I’ve just finished training a bunch of junior lobbyists on how to quickly scan EU policy documents and pull out the relevant details for their time poor corporate clients.
And no, it’s not simply a case of force feeding the documents into generative AI and telling it to pull out the client-salient bits. I tried prompting ChatGPT and it struggled to do anything beyond summarise. It might get there in time but only if the lobbyists using it already have the judgement to know what they want it to do.
This is because scanning and sifting at speed, as opposed to summarising, requires judgement and deep knowledge of the client’s business.
I’ve trained juniors at various consultancies over my years in Brussels. If I worked permanently at one, here are the guiding principles/short cuts I would give interns and juniors to help them develop good drafting habits as soon as they start.
1. Do the ‘so what test’ as you read
Always ask yourself: what is the one question going through my client’s head while they read my emails/policy updates? Without fail, it is almost certainly a variation of: ‘How will this new development affect my business?’
And that is basically it.
While your direct contact at the client may well be the head of EU public affairs, they will often be sharing what you send them more widely within the company. This means you shouldn’t assume interest in, let alone deep knowledge of, the EU among their internal audiences beyond what a specific policy development means for the bottom line.
2. Be ruthless about what you leave out
Only include information that helps answer the first question from the above point. The EU institutions produce huge amounts of text, much of it irrelevant for your client. This means you don’t’ have to treat the documents as stone tablets from Mount Sinai that must be revered as something sacred. In fact, it’s better if you don’t. The client almost certainly won’t need most of the stuff that’s in them. And, unlike your teachers at university, they aren’t paid to read what you produce.
It takes confidence and skill to discard large swathes of irrelevant text but your clients will thank you if you can cut 30 pages down to three relevant paragraphs. Yes, this is hard. There is a reason why you get paid more and have a more senior job the fewer words you produce.
3. Don’t copy and paste text that you don’t understand into the client email/update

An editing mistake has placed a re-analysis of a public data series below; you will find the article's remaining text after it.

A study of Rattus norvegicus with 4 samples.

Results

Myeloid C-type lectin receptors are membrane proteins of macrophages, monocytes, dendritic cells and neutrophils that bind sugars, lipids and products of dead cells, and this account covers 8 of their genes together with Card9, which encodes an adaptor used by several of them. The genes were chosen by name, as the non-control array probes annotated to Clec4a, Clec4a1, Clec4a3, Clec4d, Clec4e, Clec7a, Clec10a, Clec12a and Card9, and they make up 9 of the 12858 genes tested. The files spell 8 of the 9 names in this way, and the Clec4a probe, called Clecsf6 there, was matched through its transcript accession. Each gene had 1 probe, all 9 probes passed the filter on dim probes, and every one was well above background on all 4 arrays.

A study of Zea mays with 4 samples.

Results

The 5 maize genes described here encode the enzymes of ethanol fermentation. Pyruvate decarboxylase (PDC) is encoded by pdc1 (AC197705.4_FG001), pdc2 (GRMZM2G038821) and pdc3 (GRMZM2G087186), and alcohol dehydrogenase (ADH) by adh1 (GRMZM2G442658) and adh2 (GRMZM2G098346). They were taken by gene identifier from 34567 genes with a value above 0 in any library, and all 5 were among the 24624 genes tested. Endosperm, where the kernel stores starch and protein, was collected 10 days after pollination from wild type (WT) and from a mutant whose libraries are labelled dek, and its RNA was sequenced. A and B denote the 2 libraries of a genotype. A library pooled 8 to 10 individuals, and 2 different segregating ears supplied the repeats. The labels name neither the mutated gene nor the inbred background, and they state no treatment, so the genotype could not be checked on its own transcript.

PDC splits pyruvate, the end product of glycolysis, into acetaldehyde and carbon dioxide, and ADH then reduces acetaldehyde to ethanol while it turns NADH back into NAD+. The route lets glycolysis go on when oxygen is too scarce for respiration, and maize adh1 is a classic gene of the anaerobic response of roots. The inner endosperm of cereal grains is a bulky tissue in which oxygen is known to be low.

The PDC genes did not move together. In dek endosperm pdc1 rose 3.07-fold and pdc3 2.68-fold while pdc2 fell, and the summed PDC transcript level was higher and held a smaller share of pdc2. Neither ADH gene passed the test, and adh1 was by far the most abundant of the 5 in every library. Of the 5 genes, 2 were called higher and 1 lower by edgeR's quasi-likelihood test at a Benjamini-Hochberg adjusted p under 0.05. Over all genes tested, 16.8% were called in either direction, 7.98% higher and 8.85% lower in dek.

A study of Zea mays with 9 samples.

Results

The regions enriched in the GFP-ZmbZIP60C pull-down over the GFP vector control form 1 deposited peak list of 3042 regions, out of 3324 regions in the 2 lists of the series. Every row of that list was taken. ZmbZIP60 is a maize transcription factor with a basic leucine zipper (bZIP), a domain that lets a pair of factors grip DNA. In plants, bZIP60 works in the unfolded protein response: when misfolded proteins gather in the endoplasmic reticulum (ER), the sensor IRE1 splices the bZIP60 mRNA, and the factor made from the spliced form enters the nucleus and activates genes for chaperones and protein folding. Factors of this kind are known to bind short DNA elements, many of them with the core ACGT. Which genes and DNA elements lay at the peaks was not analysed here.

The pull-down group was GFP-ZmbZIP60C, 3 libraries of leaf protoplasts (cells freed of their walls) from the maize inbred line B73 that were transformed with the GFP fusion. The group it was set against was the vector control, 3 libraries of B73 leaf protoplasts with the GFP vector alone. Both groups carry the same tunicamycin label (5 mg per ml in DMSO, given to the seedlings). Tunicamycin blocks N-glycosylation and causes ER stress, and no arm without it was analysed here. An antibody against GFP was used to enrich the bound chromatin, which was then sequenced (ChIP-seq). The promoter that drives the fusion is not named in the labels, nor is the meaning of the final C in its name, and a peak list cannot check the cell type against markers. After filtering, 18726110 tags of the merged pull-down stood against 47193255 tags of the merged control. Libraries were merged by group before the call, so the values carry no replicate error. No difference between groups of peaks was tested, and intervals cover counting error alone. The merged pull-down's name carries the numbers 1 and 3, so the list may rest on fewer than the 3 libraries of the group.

This should go without saying. But it happens, mostly because juniors blame themselves when they don’t understand something or assume the client will. Sometimes the institution press releases help but not always.
If you suspect an incomprehensible provision might be important, include it but explain that the text itself is unclear and that you are seeking clarification. If you let it go through, there is a good chance that the client will ask you what it means and if you can’t tell them then it could affect your credibility.
Remember, it’s not your fault if someone else can’t or won’t write clearly. And passing on incomprehensible text verbatim perpetuates the Emperor’s New Clothes phenomenon, whereby everyone in Brussels feels huge pressure to say they understand everything when they often don’t.
As a benchmark, I regularly ask heads of trade associations if they understand everything that comes out of the EU institutions. And I am usually met with snorts. Enough said. Time to channel your inner snorter.
This is basically a back door way of saying use plain language, even if the institutions often don’t.
4. Shift the focus to the client and away from the policymaker
Move the focus away from abstract legal provisions to any potential impact for the business. And make it client, not EU-centric. This means you will have to tweak some of the provisions (not copy them) with the client (not the law) as the focus.
For example, instead of:
‘The Directive will introduce stricter requirements for obtaining individuals’ consent for data processing activities. There will also be enhanced data breach notification obligations, necessitating prompt reporting of any data breaches.’
TRY: ‘Under the Directive companies, including Agri-Tech Company X, will face stricter consent requirements on how they obtain and process an individual’s data. They will also have to report data breaches as soon as they happen’.
5. Don’t be a mouthpiece for the institutions
You don’t have to parrot the EU’s policy agenda verbatim to the client. While it is important to give context or explain the aim of the legislation, you don’t need to take it at face value and amplify it.
For example, ask yourself: does the CEO of Agri-Tech Company X sitting in Arkansas really need to know that the EU Cybersecurity and Data Protection Directive is part of the Commission’s ‘Unwavering commitment to safeguard privacy and fostering fundamental rights in the digital age’?
No, no he almost certainly does not.